I recently read Geoff Powter’s Strange and Dangerous Dreams: The Fine Line Between Adventure and Madness (Mountaineers Books, 2006). A clinical psychologist and avid climber, Powter has written a thoughtful study of a group of people who were driven – by fear, obsession, mental illness, and other psychological booby traps – to attempt extreme adventures: climbing Mount Everest, sailing or flying around the globe, being first to reach the North or South pole. Some of the people Powter profiles succeeded brilliantly in their quests but went on to lead sad, troubled lives. Others deluded themselves, made awful mistakes, and died needless, pathetic deaths in search of their unattainable goal.
I picked up this book because one of the people Powter writes about is our own Meriwether Lewis. He includes Lewis in the section of the book titled, “The Burdened,” along with polar explorer Robert Scott, who perished in the Antarctic in 1912, aeronaut Solomon Andrée, who died in an attempt to reach the North Pole by balloon in 1897, and amateur sailor Donald Crowhurst, who faked a round-the-world sailing trip in 1969, went insane, and perished (it is believed) by suicide.
Not to take anything away from this worthy book, but in my opinion, Lewis simply does not fit. Do any of these three men sound like Meriwether Lewis?
Robert Scott was a career man in the British Royal Navy, whose troubled family background burdened his life and created an overwhelming sense of “duty.” Tapped by the Royal Geographic Society to lead the British effort in the race to the South pole, Scott let his obsession with detail and his rivalry with Ernest Shackleton tarnish his first Antarctic expedition. When Norwegian Roald Amundsen announced his intention to be first to the South pole, Scott again led the British effort to beat him – but he eschewed Amundsen’s use of sled dogs, fatally delayed his trip until weather conditions worsened, and doggedly led his men to a futile death, weeks after Amundsen had reached the pole.
Solomon Andrée, a Swedish engineer and physicist, became obsessed with his idea of reaching the North Pole by balloon. Despite problems with his balloon’s design, poor weather conditions, and lack of experience, Andrée launched his balloon from Svalbard, Norway in July 1897, accompanied by two companions, an Arctic explorer and a photographer. Despite Andrée’s rigid faith in the technology he had embraced, the balloon quickly became covered with ice and crashed after two days, it’s demise heartbreakingly documented by the photographer. The trio then spent months attempting to trek south by foot over a nightmarish, drifting icescape, poorly equipped for the awful Arctic winter that eventually closed in on them. Their fate was unknown until 1930, when their last sad camp was finally discovered.
Donald Crowhurst was a British businessman who entered a solo, round-the-world yacht race piloting his home-built boat, the Teignmouth Electron. Badly in over his head, both physically and financially, Crowhurst decided against scrapping the race and instead entered into an elaborate deception to make it seem like he was sailing around the world. As the weeks went by and it seemed increasingly likely his ruse would be discovered, Crowhurst apparently descended into madness. His wrecked boat was found, adrift and abandoned; it is assumed he jumped overboard and drowned.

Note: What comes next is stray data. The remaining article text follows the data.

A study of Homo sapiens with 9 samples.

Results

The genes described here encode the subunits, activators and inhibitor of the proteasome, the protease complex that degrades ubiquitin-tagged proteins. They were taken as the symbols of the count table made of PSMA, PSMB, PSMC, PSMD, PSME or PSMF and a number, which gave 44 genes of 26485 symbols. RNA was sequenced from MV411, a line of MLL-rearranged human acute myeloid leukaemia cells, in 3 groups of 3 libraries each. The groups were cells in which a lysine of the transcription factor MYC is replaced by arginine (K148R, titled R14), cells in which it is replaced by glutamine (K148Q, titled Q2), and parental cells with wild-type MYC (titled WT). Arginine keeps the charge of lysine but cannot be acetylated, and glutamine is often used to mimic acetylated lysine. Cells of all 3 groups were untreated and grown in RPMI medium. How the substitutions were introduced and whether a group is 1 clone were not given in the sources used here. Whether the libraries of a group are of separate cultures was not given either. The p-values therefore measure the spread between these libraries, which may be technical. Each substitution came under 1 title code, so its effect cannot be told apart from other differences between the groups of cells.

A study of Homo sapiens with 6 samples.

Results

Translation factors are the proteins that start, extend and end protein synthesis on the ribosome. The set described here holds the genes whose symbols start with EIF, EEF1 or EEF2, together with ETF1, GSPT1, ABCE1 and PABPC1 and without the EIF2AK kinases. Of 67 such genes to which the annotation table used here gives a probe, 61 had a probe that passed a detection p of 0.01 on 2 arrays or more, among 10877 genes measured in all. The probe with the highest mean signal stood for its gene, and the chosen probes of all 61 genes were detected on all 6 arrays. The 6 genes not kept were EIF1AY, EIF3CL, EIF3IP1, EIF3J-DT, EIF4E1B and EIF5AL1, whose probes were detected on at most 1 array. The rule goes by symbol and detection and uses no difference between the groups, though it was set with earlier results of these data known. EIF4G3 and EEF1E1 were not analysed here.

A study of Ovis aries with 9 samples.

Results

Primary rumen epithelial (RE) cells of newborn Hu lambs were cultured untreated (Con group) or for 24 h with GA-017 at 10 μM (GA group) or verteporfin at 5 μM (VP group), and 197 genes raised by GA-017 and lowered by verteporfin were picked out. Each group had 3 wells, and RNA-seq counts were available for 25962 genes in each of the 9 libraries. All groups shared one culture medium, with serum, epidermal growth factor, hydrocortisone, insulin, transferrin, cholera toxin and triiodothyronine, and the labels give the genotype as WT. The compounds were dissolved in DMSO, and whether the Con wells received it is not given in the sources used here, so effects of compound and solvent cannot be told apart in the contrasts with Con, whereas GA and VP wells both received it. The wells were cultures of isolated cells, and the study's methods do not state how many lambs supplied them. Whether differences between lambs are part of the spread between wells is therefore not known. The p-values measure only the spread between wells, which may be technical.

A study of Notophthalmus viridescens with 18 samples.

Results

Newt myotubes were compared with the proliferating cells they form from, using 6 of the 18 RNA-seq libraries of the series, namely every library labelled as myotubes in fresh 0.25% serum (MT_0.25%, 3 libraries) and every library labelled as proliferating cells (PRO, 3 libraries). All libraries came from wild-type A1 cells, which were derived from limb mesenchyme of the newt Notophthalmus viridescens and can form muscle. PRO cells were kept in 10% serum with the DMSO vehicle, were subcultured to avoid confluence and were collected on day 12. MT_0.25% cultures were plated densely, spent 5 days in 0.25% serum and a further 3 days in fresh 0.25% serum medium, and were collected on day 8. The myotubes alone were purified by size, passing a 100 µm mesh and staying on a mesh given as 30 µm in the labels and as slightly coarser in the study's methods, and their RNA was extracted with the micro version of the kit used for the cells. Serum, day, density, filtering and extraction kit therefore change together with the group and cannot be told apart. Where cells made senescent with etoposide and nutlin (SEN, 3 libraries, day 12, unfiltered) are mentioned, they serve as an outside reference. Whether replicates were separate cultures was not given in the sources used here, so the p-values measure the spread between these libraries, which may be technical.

Aside from his sad end, it is hard to see how any of these men resembles Meriwether Lewis in anything but a superficial way. Like Robert Scott, Lewis was a disciplined career-military man, but unlike Scott, Lewis’s expedition was marked by careful leadership, detailed and sensible planning, flexibility, and a notable lack of rivalry. Like Solomon Andrée, Lewis had faith in technology, but even Lewis knew when to abandon his iron boat when his plans didn’t work out. Like Donald Crowhurst, Lewis faced disappointment (not finding the hoped-for all-water route to the Pacific), but he remained scrupulously honest and true to his mission. Instead of losing his own life and the lives of his men in a spectacular or pathetic flameout, Lewis led his men over four thousand miles, lost only one (to appendicitis), and brought them back in triumph, justly hailed as a hero.
Despite his success, Lewis’s story hardly has a happy ending, any more than the other three men. While I disagree with some of Powter’s conclusions, this line in the book rings true: “Whatever happiness Lewis had found on the trail began to fade as soon as he drew up to the St. Louis wharf.” Brilliant in the wilderness, Lewis was less well-equipped for the sometimes dismal burdens of civilization. To explain Lewis’s post-expedition troubles, I prefer the explanation offered by Clay Jenkinson in his brief study, The Character of Meriwether Lewis. Jenkinson describes Lewis as suffering from the “Buzz Aldrin Syndrome.” When you’ve been to the moon, what’s next?